Statement by Philip Brave Davis
Leader of The Opposition
On the Commercial Enterprise Bill
24 November 2017
The PLP is fundamentally opposed to the Commercial Enterprises Bill. It did not support it in the House. It will not support it in the Senate. It will take its case on the road to the Bahamian people. When we come to office we will repeal it and those who accept its benefits ought to think carefully before accepting the benefits of this legislation.
The bill is an unnecessary intervention for attracting Foreign Direct Investment (FDI) or to support growth or empower entrepreneurship. During the debate in the House nothing was advanced to justify the intervention of this bill. All that was said to justify the policy of the Government can be achieved by improving management protocols and the efficiency of the public administration.
We are also suspicious of the creation of “specified enterprise zones”. Such a designation of land will no doubt enhance its value. We know who the land barons are in this country. They hold too much of the wealth of the country as it stands. This will only further enrich them at the expense of the public at large.
For example, if the city of Nassau is designated as such who is more likely to benefit. No doubt Brent Symonette who is the mover of this Bill and a major land owner in the city of Nassau, in New Providence and in The Bahamas. This is one of the more obvious conflicts of interest.
The Bill sets an investment threshold to provide for automatic work permits at $250,000. This is selling out our birth right for a “bowl of porridge”. What informs this threshold? It is cheapening our patrimony.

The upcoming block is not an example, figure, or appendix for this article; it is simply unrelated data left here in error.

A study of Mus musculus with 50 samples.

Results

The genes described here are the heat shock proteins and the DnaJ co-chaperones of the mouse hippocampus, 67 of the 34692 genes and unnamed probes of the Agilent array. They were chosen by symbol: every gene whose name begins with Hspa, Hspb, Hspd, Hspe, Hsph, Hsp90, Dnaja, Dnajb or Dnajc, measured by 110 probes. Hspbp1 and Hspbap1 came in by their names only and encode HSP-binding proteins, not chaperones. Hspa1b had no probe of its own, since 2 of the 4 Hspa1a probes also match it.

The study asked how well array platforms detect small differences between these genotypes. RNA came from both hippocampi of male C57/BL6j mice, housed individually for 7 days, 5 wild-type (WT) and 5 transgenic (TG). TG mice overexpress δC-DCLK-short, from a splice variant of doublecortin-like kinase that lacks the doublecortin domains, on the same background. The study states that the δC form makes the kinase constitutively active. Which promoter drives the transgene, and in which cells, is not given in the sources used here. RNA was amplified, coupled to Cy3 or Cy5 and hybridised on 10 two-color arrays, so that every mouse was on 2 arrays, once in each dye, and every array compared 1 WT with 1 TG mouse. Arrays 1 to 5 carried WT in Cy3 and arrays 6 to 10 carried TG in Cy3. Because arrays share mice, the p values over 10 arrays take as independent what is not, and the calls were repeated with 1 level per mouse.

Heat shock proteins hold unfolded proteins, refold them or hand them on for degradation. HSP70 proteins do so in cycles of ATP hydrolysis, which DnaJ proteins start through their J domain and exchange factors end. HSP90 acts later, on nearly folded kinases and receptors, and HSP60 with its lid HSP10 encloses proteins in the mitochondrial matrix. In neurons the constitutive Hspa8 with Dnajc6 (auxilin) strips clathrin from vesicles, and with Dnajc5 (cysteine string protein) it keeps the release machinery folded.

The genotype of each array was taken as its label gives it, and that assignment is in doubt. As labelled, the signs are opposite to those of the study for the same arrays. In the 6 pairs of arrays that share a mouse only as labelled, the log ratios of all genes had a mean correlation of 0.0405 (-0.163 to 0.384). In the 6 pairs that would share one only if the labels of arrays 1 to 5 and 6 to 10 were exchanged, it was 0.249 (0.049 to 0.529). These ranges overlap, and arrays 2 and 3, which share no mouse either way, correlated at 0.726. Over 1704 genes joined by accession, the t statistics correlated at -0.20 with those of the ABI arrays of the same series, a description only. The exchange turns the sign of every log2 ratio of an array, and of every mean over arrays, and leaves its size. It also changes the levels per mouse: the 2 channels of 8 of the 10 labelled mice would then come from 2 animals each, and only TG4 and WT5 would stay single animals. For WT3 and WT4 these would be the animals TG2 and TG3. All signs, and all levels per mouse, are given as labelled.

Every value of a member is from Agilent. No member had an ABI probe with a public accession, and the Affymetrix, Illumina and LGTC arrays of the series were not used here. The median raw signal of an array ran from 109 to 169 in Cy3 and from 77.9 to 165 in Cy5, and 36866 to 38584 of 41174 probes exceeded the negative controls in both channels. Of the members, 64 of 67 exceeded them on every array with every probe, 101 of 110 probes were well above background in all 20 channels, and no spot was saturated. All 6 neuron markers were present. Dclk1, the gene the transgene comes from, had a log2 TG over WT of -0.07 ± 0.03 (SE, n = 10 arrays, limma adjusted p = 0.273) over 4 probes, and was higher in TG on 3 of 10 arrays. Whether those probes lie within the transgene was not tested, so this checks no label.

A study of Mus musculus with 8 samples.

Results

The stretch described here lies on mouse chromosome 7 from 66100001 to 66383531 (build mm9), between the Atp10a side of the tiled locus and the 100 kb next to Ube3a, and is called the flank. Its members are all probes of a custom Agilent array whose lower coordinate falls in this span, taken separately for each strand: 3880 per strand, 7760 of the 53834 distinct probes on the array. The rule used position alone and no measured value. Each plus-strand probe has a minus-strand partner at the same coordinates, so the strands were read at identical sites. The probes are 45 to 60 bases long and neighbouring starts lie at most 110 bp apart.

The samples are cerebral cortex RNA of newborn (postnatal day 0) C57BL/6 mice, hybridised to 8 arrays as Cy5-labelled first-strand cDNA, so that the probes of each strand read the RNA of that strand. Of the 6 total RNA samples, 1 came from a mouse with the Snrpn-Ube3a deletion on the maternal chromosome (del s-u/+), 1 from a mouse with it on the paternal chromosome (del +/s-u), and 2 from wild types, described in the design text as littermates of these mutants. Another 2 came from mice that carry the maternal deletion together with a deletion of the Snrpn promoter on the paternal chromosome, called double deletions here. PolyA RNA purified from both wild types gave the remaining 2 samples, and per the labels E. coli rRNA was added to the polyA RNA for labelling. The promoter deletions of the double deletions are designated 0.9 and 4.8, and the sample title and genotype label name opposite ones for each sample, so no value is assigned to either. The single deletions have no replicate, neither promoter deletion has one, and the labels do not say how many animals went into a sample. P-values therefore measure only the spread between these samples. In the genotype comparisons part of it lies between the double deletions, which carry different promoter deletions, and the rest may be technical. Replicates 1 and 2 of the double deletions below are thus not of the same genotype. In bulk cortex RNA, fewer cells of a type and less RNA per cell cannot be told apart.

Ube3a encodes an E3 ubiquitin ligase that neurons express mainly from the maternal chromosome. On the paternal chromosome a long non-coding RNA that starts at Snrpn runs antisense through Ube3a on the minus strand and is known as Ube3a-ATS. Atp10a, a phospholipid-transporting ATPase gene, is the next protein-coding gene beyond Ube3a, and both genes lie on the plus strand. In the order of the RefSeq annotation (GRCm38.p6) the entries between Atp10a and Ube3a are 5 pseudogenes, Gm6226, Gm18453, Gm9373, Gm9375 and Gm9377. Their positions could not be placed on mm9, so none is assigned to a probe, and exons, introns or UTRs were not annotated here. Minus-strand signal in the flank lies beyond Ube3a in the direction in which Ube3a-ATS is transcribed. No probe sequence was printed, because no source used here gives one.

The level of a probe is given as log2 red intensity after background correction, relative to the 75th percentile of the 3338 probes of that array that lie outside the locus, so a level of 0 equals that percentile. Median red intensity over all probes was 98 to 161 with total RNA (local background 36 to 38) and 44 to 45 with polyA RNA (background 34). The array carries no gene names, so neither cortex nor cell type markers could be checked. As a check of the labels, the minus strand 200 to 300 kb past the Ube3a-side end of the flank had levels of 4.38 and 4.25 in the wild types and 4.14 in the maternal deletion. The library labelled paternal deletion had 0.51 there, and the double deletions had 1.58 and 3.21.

The real challenge to growth and empowerment is the bar to Bahamians to get access to capital — we need to liberalize access to capital rather than work permits without vetting.
This bill is fundamentally flawed, fundamentally wrong and fundamentally ill- conceived. It will undercut the progress that Bahamians have made in this country under the PLP after 1967 and Majority Rule. It threatens the jobs of young professionals in this country.
There is nothing wrong with the regime which now obtains which requires you to find a Bahamian professional and only if that professional is not available will a work permit be granted.
This Bill does nothing for Bahamians and is simple pandering to a privileged minority and foreign interests while squeezing the economic way of life for many Bahamians.
Economic development and liberalization should not come at the expense or detriment of the Bahamian people. The Progressive Liberal Party understands that the survivability of The Bahamas is dependent on our ability to adapt to changing economic conditions
We cannot, however, support any legislation that jeopardizes the livelihoods of our people as this does. The Government must focus on improving the skills of our workforce while fostering an environment that reduces the barriers to Small and Medium Sized Enterprises. The Commercial Enterprises’ Bill does not help us. We oppose it.